His life and work including protecting endangered marine wildlife and coaching the Abu Dhabi Harlequins rugby club
Friends and colleagues pay tribute to 'shining' environmental scientist Edwin Grandcourt
The life of Edwin Grandcourt was one of passions; for his wife and family, for his work on the marine environment, for the sport of rugby and for his adopted home of Abu Dhabi.
Until his untimely death this month after a year-long battle with cancer, he gave unstintingly in all these areas with what friends and colleagues remember as boundless energy and enthusiasm.
As manager for Marine Assessment and Conservation at Environment Agency Abu Dhabi (EAD) his work was core to establishing the principles and practise of conserving fish stocks and marine life both in the Emirate and the wider region.
The author of more than 40 research papers and scientific publications on the subject, Grandcourt was also behind the discovery only last year of the world’s largest population of Indian Ocean humpback dolphins in the waters of Abu Dhabi.
His more recent work included assessing and managing endangered species and habitats, including dugongs, turtles, seagrass and coral reefs.
Dr Shaikha Salem Al Dhaheri, Executive Director, Terrestrial and Marine Biodiversity Sector, at EAD and his direct line manager for the last six years, called him “a shining and brilliant scientist”.
“He established many of EAD’s core monitoring and research programmes that are still running today and they are still the backbone of many decisions taken towards the protection and conservation of Abu Dhabi Emirate and the Arabian Gulf,” Dr Al Dhaheri said.
A colleague and close friend at the EAD, Winston Cowie remembers that after 17 years working for the agency, his enthusiasm for the work never faded.
“He loved his job,” Mr Cowie said. “The number of times I heard him say 'We're living the dream. This is my dream job.' Well, he said it pretty much every time we were doing field work.
“He loved the sea, it was his passion. He had a naturally curious mind, was highly intelligent, and he put all his professional efforts into producing world class science that would form the basis of management decisions in respect of the sustainable use and conservation of the species he studied.”
“We have lost a wonderful friend and a giant of marine science in the region. His work will be the scientific reference for many, many years to come,” he said.
Born in the garrison town of Tidworth in southern England, Grandcourt would have turned 50 next March. His father was from the Seychelles and his mother from the United Kingdom.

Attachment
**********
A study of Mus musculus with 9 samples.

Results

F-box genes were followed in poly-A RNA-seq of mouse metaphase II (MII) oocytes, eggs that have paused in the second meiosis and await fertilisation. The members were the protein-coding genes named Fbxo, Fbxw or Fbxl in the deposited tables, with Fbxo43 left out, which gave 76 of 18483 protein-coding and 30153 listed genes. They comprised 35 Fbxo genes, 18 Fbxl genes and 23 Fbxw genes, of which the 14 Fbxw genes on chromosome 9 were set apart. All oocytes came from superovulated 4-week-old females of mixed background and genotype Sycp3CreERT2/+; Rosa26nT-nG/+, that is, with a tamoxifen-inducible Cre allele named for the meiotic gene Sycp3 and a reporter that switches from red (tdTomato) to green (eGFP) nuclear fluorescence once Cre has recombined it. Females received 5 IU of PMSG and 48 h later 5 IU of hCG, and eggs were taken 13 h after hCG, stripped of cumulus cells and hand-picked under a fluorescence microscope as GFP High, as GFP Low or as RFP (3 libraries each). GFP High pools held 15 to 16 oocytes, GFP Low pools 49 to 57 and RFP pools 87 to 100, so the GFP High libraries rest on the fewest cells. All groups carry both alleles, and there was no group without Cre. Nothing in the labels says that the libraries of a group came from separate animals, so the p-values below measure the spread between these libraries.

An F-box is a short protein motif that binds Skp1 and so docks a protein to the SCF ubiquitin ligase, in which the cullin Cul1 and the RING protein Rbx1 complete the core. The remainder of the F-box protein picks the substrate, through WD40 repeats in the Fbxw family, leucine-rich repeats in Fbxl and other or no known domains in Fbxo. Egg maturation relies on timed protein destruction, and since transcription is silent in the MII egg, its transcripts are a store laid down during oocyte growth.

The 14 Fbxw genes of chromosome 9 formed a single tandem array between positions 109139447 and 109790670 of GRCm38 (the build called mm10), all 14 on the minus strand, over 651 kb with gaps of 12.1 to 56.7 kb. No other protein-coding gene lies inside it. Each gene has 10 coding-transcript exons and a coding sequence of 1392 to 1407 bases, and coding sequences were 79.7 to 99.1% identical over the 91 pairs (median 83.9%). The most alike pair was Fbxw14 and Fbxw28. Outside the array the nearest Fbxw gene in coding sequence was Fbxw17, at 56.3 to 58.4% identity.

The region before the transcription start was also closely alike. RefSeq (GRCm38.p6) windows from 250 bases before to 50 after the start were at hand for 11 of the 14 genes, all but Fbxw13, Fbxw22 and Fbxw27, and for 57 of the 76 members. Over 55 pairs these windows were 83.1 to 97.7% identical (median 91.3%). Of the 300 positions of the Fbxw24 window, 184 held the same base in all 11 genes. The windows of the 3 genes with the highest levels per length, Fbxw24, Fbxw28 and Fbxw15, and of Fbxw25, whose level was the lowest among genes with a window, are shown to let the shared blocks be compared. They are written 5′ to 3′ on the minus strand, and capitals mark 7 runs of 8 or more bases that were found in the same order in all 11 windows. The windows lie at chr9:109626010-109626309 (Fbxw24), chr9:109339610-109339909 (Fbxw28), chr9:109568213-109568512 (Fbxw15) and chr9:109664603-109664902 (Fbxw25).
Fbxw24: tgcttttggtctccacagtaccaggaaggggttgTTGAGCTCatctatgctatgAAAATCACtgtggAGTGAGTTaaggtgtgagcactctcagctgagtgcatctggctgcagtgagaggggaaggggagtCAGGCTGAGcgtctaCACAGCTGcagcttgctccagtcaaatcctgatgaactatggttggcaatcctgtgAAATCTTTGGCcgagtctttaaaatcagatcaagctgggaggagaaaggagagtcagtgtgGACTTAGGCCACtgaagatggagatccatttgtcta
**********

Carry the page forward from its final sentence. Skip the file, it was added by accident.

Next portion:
His childhood set up a lifelong love of travel, as well as for the environment. After leaving the army, his father studied for a degree in economics in the UK before returning home to the Seychelles.
With his younger brother, Gerard, the family lived there for three years until their parents separated, his mother then returning to England with the boys.
After remarrying, her new husband was posted to the Solomon Islands, so Edwin and Gerard were sent to boarding school in the UK to complete their secondary education.
Further parental postings meant holidays were often spent globetrotting, with visits to several African countries when older, and a chance for the brothers to explore Madagascar, Guinea and the Ivory Coast.
As children, Gerard recalls idyllic trips to the Seychelles, snorkelling from a beach while Edwin added to his collection of seashells. “He was always very meticulous and well organised,” his brother said. “Everything had to be neatly arranged and catalogued.”
With a degree in marine biology from the University of Plymouth and a masters from James Cook University, Grandcourt accepted a job with the Seychelles Fishing Authority.
Presenting a paper for the authority in South Africa in 2001, he was spotted by a delegate from the EAD and offered a post in Abu Dhabi, where he was to live for the rest of his life.
It was in the Seychelles that he met his wife Pina, with two sons later born in Abu Dhabi. Soon there were family camping trips along the coast and in the desert, as well as paddle boarding in the mangroves.
As the boys grew older, it allowed him to return to his earlier love of rugby. As a younger man he had played for the Seychelles rugby team. Now, older, he came back to the sport as a coach for Abu Dhabi Harlequins.
Lisa Irwin, the club secretary, first met Grandcourt after their sons became friends at The British School Al Khubairat. She persuaded him to help as a coach.
“He was one of the happiest people I have ever met,” she said. “When he joined as coach, it was really incredible and motivating for the children.
“When he was around, he just had this big smile and this positive energy.”
After a funeral in Abu Dhabi, his ashes will be scattered in the waters of the Seychelles tomorrow at his favourite surfing spot. At an earlier memorial held at Environment Agency Abu Dhabi, Winston Cowie read a poem dedicated his friend.
“Edwin, our dear friend of the sea. And of the Seychelles, England and the UAE. When we look around us, we know where you will be.”